Congress and the President will be unable to reach all the economic goals they have set over the next five years, according to testimony presented yesterday by the director of Congressional Budget Office.

Alice Rivlin told the Senate Budget Committee yesterday that "the major new spending programs or tax reductions will be necessary to maintain economic growth at a rate high enough to provide jobs for a growing labor force."

But Congress will be hard-pressed to balance its desire for increased employmentagainst the need to hold down inflation and contain the size of the federal government, she indicated.

For example, any economic path with significant growth will generate enough increased revenues to pay for big program initiatives now under discussion such a welfare reform, catastrophic health insurance and urban programs

But federal outlays would grow significantly at the same time, both in dollar terms and as percentage of the total economy. The would move counter to the administration's desire - and a long-standing congressional attitude - to keep the federal congressional from growing much beyond 22 per cent of total output.

If Congress wants to keep the federal government from engulfing too much of the rest of the economy, these initiatives would have to be held back - or other programs eliminated - and most of the stimulus needed to move toward higher employment would have to come from tax cuts.

Rivlin's office makes no policy recommendations but is supposed to provide non-partisan analysis of the budgetary options open to Congress. She noted that the faster the Congress moves toward full employment through higher growth, the more it must face inflation.

Rivlin told the budget committee that the combination of "increased expenditures or lowered taxes chosen by Congress will depend only on how it weighs economic growth against the risk of inflation but also on how it balances desires for new government programs against desire to limit the role of government.

"Considerable pressures operate in both directions," she warned.

If current programs continued at levels mandated by Congress, receipts would grow from $463 billion in fiscal 1979 (which begins Oct. 1, 1978) to $777 billion in fiscal 1973 - or from 20 to 23 per cent of the total economic output as measured by the gross national product.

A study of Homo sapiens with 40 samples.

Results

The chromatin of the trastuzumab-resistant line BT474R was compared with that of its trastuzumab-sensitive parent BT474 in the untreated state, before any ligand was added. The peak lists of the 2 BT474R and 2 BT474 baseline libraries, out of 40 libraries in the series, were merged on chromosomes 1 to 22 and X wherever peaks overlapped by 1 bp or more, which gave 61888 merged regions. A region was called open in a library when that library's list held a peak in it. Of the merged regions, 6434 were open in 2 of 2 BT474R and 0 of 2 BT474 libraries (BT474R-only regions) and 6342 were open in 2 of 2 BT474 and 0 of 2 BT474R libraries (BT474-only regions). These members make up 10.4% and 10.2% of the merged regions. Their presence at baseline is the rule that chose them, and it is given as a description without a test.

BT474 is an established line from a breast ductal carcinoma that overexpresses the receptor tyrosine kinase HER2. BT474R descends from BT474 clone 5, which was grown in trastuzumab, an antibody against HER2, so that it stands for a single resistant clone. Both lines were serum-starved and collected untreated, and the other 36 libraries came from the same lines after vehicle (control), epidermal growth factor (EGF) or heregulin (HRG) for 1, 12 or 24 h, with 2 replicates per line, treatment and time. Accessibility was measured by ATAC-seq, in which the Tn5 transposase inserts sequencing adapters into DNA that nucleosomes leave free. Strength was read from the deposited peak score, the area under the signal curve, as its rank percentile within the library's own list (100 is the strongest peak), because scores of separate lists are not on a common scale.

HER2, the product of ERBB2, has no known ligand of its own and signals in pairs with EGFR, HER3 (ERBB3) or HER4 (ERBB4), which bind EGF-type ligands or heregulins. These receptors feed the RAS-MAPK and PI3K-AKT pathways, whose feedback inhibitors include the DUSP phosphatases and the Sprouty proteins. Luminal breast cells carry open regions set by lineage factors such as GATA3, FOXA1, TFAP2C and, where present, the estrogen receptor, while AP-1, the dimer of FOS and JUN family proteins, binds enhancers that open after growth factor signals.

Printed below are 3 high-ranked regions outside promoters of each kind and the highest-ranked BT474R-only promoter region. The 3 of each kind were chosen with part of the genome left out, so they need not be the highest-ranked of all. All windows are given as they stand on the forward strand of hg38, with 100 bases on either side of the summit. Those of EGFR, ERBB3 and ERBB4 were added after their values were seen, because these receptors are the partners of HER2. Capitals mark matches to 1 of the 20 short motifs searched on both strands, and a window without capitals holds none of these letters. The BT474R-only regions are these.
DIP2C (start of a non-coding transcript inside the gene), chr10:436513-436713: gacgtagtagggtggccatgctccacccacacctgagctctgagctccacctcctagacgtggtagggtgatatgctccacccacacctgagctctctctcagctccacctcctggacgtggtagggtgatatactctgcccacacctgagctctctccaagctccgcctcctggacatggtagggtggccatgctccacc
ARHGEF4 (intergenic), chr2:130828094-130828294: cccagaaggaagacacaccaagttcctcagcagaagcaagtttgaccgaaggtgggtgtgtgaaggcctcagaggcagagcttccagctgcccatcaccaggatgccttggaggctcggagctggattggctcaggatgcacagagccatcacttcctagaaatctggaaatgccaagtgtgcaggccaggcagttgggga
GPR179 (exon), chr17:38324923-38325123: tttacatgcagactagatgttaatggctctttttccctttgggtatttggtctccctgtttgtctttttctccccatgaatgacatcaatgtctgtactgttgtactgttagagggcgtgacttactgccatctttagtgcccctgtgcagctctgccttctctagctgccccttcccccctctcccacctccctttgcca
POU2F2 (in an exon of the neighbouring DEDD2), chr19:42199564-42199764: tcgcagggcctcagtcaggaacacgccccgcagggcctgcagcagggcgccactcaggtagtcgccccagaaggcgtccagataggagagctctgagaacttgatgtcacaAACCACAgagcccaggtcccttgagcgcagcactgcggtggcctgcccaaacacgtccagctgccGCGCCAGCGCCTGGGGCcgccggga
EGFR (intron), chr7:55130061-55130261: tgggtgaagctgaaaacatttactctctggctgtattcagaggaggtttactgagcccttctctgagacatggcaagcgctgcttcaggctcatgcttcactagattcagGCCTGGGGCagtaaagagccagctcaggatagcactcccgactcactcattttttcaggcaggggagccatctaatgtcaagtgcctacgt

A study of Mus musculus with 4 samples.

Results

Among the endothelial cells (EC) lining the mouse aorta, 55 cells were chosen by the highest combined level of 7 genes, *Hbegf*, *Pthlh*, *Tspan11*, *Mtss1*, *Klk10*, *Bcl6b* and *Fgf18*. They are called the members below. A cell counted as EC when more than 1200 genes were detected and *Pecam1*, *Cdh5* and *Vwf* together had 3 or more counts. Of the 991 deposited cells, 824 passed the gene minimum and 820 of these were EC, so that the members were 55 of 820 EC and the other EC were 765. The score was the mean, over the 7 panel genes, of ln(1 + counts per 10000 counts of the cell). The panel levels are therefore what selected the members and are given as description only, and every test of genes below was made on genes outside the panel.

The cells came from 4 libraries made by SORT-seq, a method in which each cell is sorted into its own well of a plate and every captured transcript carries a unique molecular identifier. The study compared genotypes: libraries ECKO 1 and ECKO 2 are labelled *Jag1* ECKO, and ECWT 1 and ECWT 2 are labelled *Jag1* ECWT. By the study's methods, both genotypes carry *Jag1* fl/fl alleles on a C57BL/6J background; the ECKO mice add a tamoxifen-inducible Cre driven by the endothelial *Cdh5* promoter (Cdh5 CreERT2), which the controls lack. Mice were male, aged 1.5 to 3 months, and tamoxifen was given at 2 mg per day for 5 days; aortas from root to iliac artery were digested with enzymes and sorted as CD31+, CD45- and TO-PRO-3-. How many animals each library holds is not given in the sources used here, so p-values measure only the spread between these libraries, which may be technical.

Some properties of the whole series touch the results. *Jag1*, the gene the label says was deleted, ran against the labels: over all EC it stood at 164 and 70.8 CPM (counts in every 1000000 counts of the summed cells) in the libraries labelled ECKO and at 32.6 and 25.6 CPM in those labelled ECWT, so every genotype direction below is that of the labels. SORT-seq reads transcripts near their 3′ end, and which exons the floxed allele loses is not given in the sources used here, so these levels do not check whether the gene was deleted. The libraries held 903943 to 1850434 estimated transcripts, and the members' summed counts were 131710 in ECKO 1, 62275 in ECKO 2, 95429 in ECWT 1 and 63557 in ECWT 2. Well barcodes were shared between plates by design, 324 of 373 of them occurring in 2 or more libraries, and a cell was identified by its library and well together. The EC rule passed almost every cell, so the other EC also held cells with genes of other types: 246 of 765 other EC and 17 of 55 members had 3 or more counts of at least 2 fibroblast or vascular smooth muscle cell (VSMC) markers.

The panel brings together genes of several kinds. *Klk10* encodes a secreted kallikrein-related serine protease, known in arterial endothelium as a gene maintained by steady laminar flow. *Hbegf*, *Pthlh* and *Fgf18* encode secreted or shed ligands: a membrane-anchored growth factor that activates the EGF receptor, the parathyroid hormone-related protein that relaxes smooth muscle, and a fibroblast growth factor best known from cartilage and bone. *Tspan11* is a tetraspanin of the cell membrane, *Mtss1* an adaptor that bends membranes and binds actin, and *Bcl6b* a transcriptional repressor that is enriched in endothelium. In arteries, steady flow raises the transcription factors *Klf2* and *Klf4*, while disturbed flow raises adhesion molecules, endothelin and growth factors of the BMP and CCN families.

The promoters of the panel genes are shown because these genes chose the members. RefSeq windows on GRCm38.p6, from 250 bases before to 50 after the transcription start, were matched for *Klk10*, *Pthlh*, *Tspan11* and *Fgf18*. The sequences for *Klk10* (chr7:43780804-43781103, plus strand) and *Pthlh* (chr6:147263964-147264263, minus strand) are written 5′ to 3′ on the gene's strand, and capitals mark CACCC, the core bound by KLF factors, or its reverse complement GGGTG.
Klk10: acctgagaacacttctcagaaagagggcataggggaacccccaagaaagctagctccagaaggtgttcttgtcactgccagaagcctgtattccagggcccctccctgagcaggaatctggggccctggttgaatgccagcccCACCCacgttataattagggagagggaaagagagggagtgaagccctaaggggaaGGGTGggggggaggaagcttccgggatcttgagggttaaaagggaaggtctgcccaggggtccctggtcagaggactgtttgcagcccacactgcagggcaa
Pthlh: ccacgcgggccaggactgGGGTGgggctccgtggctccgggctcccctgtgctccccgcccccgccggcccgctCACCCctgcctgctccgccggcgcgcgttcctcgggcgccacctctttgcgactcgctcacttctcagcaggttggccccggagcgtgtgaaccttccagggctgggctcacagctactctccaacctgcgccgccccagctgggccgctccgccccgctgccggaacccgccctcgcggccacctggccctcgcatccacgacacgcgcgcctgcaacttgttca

Outlays would rise from $495 billion to about $655 billion, declining from 22 per cent to 19 per cent of GNP. Receipts rise much more than outlays because the progressive income tax takes a bigger chunk of each dollar earned.

But, Rivlin said, these projected revenues and outlays that would occur under "current policy" are not consistent with the economic growth objectives adopted by Congress. In fact, if prsent policies were followed without change for the next five years, "The federal budget would exert a restrictive influence on the economy," she said.

"This is because, with incomes rising the inflaction high, the government receipts grow much faster than do the outlays it puts back into the economy in the form of wages, purchases and benefit payments."

To lower employment, then, the government must offset this restrictive influence by cutting taxes,raising spending, or both, but at the same time must choose between inflaction, unemployment and size of government.

She warned that initiatives such as welfare reform, increased defense spending and new health care proposals could cost as much as $100 billion more than current policy spending by 1983.

She estimated that welfare reform would add $18 billion, a 3 per cent rise in defense spending $22 billion, catasrophic health insurance and federalized Medicaid another $30 billion, and an urban inititive $12 billion. "A modest allowance for other increase" would be $15 billion.

Finding other programs to cut in order accomodate these new programs is difficult, she warned.